Wednesday, September 2, 2009

Different State, Same Love

Massachusetts has a booze-selling system I'd actually like to see PA emulate: the "package store." The packie sells all booze types, and is privately-owned; the number of stores one entity/person can own is limited (to three, I think). The state's wholesalers are also private, although there is some contention about monopolistic practices there that's worrisome. The system worked fine: local stores supplied local wants and needs, and there are stores that specialize in cheap bulk goods, and stores that specialize in the high end. Everyone's happy.

Except the state's legislators, it would appear. They recently jacked the tax on booze up by 6.25%, despite the clear likelihood that people along the state's heavily populated border with New Hampshire would simply slip over the line, losing the state tax revenues and losing the packies up there a lot of business.

Well, isn't that just exactly what happened last weekend, when someone caught Massachusetts representative Michael Rodrigues at a New Hampshire liquor store, loading booze into his car, clearly licensed with a "House 29" Mass plate. The Boston Herald reported the story with an understandable amount of restrained glee.
The witness, who requested anonymity, claimed he approached Rodrigues, noted his State House plate, and asked if he was on personal or official business. Rodrigues, who was loading booze into his car, snapped “mind your own business,” the witness said.

Beautiful. (Rodrigues, by the way, in an interview about the incident, blamed the fuss about it on “Republican demagoguery. Unfortunately, I think that’s why the Republican Party is in such bad shape in Massachusetts,” Rodrigues is quoted as saying. “The electorate here is smart enough to figure out what they’re up to.” Really?) The Herald also noted that police have cracked down on cross-border booze purchases. Too bad they didn't catch Rodrigues.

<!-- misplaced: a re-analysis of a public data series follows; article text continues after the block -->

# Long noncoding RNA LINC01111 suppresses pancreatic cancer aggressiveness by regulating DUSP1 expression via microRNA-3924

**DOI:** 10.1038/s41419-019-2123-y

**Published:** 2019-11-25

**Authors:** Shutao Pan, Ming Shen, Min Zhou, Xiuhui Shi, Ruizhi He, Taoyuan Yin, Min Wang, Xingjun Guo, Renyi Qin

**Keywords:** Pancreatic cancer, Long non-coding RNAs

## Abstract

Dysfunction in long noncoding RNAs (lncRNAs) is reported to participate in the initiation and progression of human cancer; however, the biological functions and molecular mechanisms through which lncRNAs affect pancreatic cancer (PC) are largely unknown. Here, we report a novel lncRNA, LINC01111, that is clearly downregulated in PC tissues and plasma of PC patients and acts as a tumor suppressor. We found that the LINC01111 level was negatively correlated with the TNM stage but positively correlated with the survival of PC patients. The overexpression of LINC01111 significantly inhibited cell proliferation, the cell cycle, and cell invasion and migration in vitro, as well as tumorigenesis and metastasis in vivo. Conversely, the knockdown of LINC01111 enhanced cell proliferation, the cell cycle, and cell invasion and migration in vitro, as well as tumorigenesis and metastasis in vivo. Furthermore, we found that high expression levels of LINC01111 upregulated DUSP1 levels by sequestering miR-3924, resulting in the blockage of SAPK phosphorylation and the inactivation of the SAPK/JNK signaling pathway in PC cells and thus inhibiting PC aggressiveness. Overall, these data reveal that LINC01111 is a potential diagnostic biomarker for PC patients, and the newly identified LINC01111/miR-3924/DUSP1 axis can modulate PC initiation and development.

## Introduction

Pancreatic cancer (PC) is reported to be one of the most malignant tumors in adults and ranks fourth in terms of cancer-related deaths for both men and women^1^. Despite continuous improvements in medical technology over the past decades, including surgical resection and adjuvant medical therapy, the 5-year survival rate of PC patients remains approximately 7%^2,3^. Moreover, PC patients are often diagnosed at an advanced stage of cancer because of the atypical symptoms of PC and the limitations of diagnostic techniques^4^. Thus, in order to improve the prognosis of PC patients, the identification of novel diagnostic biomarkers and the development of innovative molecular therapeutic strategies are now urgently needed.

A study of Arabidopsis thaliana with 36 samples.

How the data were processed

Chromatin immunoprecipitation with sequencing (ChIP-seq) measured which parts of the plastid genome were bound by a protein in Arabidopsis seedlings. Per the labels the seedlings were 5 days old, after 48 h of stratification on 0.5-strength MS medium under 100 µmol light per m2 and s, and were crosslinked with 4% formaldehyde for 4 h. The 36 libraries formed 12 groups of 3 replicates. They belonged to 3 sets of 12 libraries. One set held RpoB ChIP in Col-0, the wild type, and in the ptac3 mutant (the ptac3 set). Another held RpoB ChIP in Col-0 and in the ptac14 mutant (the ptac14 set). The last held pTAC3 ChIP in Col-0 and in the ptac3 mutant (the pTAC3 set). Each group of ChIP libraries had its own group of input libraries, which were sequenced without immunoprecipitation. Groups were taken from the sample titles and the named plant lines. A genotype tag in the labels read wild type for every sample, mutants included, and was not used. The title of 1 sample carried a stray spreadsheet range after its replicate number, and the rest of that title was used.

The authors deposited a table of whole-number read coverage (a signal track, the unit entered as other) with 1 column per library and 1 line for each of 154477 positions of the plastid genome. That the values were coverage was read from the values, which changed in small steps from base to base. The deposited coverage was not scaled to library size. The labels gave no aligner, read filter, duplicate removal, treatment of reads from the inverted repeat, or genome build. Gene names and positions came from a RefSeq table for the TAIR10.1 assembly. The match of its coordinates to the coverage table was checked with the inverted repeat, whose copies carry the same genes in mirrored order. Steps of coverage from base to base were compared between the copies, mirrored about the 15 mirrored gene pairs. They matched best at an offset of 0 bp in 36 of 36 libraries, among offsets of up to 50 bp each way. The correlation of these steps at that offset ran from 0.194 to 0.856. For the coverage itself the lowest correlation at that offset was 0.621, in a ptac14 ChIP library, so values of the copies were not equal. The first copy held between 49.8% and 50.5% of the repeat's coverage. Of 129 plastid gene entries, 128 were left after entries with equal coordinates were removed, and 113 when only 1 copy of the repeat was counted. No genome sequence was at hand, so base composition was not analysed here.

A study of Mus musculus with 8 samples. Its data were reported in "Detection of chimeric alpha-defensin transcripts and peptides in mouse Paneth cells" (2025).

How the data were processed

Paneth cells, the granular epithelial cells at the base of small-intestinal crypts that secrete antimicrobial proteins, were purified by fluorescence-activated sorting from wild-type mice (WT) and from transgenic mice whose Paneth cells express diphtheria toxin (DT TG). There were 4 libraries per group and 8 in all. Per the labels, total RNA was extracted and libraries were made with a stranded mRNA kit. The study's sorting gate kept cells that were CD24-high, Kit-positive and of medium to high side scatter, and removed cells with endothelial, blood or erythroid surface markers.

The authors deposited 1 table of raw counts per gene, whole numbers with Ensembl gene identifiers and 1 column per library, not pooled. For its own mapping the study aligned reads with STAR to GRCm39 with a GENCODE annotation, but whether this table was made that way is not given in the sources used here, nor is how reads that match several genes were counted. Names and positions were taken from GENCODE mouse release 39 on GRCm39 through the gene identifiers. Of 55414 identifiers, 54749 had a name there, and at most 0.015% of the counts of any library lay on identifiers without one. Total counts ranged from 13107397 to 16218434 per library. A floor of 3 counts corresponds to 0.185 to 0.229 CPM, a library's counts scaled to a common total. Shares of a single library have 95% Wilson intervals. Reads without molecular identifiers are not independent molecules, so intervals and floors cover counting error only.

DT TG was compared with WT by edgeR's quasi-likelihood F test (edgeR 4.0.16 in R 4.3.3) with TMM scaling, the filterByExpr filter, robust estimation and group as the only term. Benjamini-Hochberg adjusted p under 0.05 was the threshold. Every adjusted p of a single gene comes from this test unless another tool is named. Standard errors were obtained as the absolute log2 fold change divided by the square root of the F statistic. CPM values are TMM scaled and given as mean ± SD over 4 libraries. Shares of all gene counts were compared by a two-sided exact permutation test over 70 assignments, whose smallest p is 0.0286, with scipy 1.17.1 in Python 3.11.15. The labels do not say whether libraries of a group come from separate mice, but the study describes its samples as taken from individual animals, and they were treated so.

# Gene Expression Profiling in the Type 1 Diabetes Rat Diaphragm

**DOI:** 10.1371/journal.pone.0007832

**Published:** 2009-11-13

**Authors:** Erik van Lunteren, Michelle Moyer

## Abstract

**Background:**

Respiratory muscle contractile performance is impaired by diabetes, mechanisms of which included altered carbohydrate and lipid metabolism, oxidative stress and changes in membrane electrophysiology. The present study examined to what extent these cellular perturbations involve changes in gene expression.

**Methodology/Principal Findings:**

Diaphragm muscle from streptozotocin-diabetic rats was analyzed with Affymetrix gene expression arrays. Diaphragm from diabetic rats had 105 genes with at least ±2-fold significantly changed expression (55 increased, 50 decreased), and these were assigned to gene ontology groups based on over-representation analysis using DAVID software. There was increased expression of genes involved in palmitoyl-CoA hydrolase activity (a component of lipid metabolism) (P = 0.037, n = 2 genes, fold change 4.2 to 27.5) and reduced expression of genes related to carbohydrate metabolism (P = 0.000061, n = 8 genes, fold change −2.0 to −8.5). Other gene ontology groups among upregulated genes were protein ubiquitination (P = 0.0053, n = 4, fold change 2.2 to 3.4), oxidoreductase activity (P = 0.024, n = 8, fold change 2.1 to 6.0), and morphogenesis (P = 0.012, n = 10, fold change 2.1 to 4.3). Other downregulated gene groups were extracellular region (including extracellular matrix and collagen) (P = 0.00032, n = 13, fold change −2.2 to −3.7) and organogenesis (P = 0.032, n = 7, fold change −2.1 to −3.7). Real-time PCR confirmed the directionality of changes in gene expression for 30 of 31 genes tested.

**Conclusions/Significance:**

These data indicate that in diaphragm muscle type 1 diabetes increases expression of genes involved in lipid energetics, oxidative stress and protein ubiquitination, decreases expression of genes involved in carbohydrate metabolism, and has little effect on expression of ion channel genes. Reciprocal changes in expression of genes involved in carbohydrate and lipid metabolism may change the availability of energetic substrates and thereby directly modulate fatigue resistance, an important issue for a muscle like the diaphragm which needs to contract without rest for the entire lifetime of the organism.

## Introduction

What's this have to do with the PLCB? Nothing. Nothing except to point out that different state taxes and policies on booze lead directly to smuggling -- because that's what this guy was doing, albeit on a small scale -- and we shouldn't be surprised at all by the number of PA plates that show up in the parking lots at Canal's and Total Wine. Wonder if any PA legislators ever...nah, they wouldn't do that. After all, the selection's so much better in PA. Joe "CEO" Conti says so, and he oughta know.


Brad said...

What a mo-ron. What a lame defense (as if it had anything to do with anything).

Posting stateys at the border to catch interstate booze "smugglers" worries me, too. So you cannot purchase a product legally in one state, and transport it into another state where it is also legal? All because the legislature compelled you to do so in the first place by jacking up prices?

Lew Bryson said...

Smuggling is, when you think about it, a state-subsidized criminal activity. If the state didn't collect onerous taxes, smuggling wouldn't pay...and wouldn't exist.